Some practicing witches claim that the power they draw upon can only be used in benevolent ways. Then what power do so-called “black magicians” use? Moreover, this claim seems to attribute morals to an impersonal Force. The fallacious concept of a Force innate in the cosmos with a “light” and “dark” side producing “white” and “black” magic has caused much confusion.
The whole idea of a “dark” and “light” side to the Force comes out of Eastern mysticism. IT is found in Hinduism, where there is no sin, no right and wrong, each person’s dharma being an individual matter. It is found in Buddhism and Taoism, in the belief that there is a psychic Force, or ki, expressed by the yin and yang, neither of which is superior to the other, and neither of which is right or wrong, but both must be in balance. Acupuncture, for example, is the attempt to bring the yin and yang in the body into alignment. As William Devine, chairman of the California Acupuncture Association, has said:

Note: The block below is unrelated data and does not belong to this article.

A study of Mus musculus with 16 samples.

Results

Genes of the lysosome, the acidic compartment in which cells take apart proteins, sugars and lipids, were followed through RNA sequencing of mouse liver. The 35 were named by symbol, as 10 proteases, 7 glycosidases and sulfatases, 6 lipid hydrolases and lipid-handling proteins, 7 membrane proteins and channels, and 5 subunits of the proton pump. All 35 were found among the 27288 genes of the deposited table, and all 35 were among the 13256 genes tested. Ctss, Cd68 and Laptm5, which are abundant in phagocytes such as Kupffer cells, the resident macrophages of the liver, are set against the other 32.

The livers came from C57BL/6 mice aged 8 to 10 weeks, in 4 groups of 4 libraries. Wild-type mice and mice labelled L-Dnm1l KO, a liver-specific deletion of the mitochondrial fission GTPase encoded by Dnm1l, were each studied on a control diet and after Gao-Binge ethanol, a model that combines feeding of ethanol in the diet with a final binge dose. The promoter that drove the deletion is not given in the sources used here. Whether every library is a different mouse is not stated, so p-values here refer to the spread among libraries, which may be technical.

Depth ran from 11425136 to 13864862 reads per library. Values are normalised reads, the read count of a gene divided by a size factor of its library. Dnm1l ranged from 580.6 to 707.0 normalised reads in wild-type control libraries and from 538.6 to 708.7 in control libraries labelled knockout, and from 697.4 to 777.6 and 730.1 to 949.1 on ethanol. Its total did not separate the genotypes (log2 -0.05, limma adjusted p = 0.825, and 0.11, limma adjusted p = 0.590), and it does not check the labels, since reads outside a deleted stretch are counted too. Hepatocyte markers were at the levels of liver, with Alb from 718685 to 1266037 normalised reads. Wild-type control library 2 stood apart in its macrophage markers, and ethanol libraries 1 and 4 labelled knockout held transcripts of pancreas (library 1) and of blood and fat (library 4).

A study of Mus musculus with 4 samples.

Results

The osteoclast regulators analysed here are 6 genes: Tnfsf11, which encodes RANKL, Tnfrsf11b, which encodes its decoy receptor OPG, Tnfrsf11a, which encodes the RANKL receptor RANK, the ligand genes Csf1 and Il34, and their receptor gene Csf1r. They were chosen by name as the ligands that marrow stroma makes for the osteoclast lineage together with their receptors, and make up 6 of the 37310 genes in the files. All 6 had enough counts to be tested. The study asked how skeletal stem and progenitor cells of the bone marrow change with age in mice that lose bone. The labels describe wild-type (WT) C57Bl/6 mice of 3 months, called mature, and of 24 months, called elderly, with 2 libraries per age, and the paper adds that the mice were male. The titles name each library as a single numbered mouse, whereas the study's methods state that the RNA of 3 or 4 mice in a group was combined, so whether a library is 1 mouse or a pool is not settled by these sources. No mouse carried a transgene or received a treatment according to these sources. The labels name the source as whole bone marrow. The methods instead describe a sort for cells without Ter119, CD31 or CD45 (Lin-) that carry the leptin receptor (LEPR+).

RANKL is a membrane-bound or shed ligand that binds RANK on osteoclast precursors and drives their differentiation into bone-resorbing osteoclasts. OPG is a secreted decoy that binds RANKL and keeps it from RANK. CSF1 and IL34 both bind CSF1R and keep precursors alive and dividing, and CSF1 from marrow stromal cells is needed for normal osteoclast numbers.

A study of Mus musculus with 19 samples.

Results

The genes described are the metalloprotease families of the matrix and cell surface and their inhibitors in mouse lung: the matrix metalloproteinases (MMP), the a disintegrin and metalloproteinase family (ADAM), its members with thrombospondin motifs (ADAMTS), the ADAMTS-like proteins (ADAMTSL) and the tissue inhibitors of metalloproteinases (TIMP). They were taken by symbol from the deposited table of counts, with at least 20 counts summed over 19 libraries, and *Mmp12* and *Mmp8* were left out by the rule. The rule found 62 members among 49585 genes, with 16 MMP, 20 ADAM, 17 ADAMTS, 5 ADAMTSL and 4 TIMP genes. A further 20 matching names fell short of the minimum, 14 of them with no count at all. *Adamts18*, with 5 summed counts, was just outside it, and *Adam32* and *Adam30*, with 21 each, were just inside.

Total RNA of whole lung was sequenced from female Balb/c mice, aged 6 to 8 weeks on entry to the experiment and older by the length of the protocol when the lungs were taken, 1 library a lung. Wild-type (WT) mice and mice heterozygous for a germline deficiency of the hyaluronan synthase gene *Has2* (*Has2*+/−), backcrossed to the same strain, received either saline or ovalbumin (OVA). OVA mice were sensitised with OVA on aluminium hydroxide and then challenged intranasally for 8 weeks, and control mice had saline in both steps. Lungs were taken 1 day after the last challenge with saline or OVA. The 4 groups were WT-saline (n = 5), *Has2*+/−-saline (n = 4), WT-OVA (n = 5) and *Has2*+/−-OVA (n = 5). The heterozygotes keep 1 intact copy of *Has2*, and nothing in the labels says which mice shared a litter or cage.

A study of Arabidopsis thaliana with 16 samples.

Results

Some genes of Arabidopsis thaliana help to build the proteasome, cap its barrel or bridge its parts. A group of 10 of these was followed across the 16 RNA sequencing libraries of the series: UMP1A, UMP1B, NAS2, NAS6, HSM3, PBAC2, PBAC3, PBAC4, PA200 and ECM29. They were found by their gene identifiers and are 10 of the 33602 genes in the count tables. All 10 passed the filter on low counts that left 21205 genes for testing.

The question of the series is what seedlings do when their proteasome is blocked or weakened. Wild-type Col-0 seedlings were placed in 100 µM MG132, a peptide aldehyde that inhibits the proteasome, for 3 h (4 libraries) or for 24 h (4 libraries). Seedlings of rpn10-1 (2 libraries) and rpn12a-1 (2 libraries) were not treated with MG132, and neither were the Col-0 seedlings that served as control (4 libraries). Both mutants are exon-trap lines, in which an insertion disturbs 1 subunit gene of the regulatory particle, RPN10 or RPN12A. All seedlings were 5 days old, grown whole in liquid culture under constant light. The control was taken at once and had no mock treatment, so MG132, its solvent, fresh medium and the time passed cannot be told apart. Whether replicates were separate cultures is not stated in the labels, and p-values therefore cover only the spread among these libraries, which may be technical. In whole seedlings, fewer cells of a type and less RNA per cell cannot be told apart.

“Oriental medicine is like that. You could bring one patient in, five different practitioners could look at him and come up with five different diagnoses, and nobody’s wrong.”
On the basis of what “Ramtha” (the 30,000-year-old warrior that J. Z. Knight channels) has said, we can be delivered from the idea of a judgmental God by understanding that “there is no sin, therefore no reason for guilt.” Of course, if no one is wrong, then no one is right either. Indeed, the very thought that someone might claim to be right is anathema in today’s amoral society. As Wade David insisted during an interview on the nationally syndicated Geraldo talk show, “There is no such thing as right or wrong in religion…that’s where wars come from.” Yet Jesus Christ claimed that all who rejected Him were not only wrong but eternally lost. Clearly a choice must be made between Jesus Christ and the world of the occult.